If you ever want a bad headache, spend a few hours researching predictions about the future trajectory of capital spending by the big players in the telecom industry. It’s a topic worth following since the big ISPs all said that eliminating net neutrality and other regulation would unleash them to spend lavishly on new networks.
I was looking through projections over the past year that were forecasting capital spending for 2019. My main motivation in looking at these projections was to see if the big companies are actually planning on spending money yet on 5G. I figured the best way to get past all of the 5G hype is to follow the advice from the movie All the President’s Men, and “Follow the money”.
I started by looking at projections from the beginning of 2018. The headlines at that time centered around the big benefits to the industry from the Tax Cut and Jobs Act passed in December 2017. That legislation created an annual benefit to AT&T of $2.2 billion and a benefit to Verizon of $4 billion annually. At the beginning of 2018 industry analysts predicted the companies would roll those savings into increased capital spending. However, like with most big corporations those savings were not rolled back into the business.
There were rosy predictions at the start of last year about 2018 and 2019 capital spending. For example, the analysts at Deutsche Bank Research said in February 2018 that capital spending by the wireless carriers would increase by 14% in 2018 and even more into the future. It’s not hard to understand the enthusiasm of the analysts because the carriers were fueling this story. Early in 2018 Verizon said they would be investing $35 billion in 5G and AT&T said they would invest $40 billion.
This enthusiasm was fueled all last year by promises from AT&T and Verizon to roll out 5G by the end of 2018. In June the analysts at Oppenheimer raised forecasts of capital spending for 2019 by $18 billion by Verizon and $25 billion for AT&T. However, at the end of last year we saw the 5G announcements had been nothing but hype when AT&T announced an imaginary 5G product and Verizon installed fixed wireless in a few hundred homes.
As recently as the fourth quarter of last year a number of analysts were still predicting greater capital spending for wireless this year compared to 2018. For example, MoffettNathanson LLC predicted 2019 capital spending would be up 3.3% in 2019. Most other analysts made similar projections.
As the books closed for 2018 it became obvious that the big wireless companies hadn’t spent nearly as much as expected for the year. For example, Verizon actual spending was $1.5 billion less than their own initial projections. AT&T came in $3 billion less than projected. When real spending materializes you start to understand the complexity of these budgets. For example, AT&T said that part of the reason for lower capital spending was due to delays in the deployment of FirstNet, the nationwide public safety network. I sit here wondering why FirstNet was even included in their capital budget since it’s not being funded from AT&T’s own revenues, but 100% by taxpayers.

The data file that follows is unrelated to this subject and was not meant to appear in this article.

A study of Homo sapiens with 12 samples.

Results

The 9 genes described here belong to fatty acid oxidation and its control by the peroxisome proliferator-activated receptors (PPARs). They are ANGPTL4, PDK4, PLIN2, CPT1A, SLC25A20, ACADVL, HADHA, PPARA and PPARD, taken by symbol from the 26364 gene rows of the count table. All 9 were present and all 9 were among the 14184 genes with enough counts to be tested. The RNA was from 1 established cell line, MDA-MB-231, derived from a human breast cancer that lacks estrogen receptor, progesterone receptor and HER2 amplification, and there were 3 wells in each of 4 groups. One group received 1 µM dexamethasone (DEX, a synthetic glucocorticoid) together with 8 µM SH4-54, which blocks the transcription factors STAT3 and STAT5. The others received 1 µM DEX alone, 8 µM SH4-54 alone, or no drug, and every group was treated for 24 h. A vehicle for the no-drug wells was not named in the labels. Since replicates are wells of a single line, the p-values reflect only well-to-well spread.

By the time I got to looking at 2019 the picture gets incredibly muddled. There are still those predicting 2% to 3% more capital spending for 2019. But we also see the big carriers admitting to their investors that there will be little spending on 5G this year. This first big capital expenditure in 5G will be for the core electronics for 5G cell sites called the RAN. It doesn’t look like there will be a 5G RAN available for a few more years. Both cellular carriers admit that they are not spending much on 4G LTE infrastructure other than working on cell site densification in urban areas through the deployment of small cell sites aimed at relieving pressure on the big tower cell sites.
I’ll be honest that all I got out of this reading was the headache because I still have no idea about how much money these big carriers will spend this year. This is probably not abnormal in an industry under so much flux and I would imagine there are still decisions being made inside these companies every day that will change capital spending even in this year. The one thing I came away with was a clear picture that there will be very little spending in 2019 on 5G, which means that the announcements of the carriers to have 5G cellular products by 2020 are clearly still hype.
But there are still those in the industry with rosy predictions. The research firm IDC predicts that spending on 5G core equipment will increase worldwide from $500 million this year to $26 billion per year in 2022. Ericsson is predicting that 5G will account for 50% of mobile subscriptions in the US by 2023 along with a worldwide penetration at 20% that year. That seems to be in conflict with Cisco which recently predicted worldwide 5G penetration of 3% by the end of 2022. I have no idea which of these predictions is right, but I now know that we can’t put any faith in predictions about 5G spending or deployment, so perhaps all of this reading was not in vain.